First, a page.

Science For Kids: Magical Flowers
Kids love playing with water and what better way to let them have fun while learning a thing or two about science? Here is a fun experiment to do from things readily available at home and is sure to astound the children. The experiment is called ‘Magical flowers’ because what you will witness is no less than magic! More about the experiment below.
Name: Magical Flowers
Concept: Capillary Action
Age: 4 years and above
Materials required: Paper, scissors, crayons, bowl of water
- Print the flower images above or alternately draw your own
- Colour the flowers using crayons (wax colours)
- Cut them along the outline
- Fold in the petals along the centre such that the petals lie closed on the centre of the flower and then petals facing upwards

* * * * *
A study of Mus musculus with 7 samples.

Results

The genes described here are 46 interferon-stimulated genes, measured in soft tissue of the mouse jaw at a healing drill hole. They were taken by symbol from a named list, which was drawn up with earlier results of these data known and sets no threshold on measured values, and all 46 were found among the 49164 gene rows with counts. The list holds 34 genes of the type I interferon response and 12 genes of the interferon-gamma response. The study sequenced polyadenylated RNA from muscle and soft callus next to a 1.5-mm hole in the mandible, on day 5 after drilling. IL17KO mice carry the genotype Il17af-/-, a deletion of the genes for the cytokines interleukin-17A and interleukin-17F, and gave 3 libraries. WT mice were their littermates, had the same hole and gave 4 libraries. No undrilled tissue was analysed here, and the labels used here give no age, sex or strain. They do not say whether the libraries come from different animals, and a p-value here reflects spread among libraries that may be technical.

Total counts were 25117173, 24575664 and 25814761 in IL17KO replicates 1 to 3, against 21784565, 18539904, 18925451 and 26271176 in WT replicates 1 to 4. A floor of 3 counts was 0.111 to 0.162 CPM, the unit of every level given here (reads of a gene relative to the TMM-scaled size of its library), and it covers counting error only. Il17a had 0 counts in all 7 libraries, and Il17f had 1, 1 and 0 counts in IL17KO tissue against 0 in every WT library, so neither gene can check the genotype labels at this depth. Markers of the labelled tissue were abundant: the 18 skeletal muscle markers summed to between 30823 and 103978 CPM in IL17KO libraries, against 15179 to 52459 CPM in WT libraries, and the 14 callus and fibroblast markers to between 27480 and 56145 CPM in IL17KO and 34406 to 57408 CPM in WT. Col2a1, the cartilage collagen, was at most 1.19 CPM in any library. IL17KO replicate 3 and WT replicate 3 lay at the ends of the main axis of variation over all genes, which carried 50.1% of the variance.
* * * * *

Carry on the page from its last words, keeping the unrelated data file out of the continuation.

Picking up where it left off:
- Float them in water
Observation: The petals open up and it appears as if the flower is blooming!
Conclusion: Paper is made of tiny fiber and when the paper flowers are put in water, the thin fibers absorb water and become heavy. This makes the petals inflate which look like the petals opening up. This phenomenon is called Capillary action. Happy experimenting!
Gauri Parulkar is founder of Science Quotient, an activity lab where science is taught via fun and easy to learn experiments. She believes her effort of making science fun for children will help them develop a lifelong love for the subject. A strong advocate of STEM in education, she spends time gardening and drinking copious amounts of tea when she is not thinking of a new way of teaching kids about science.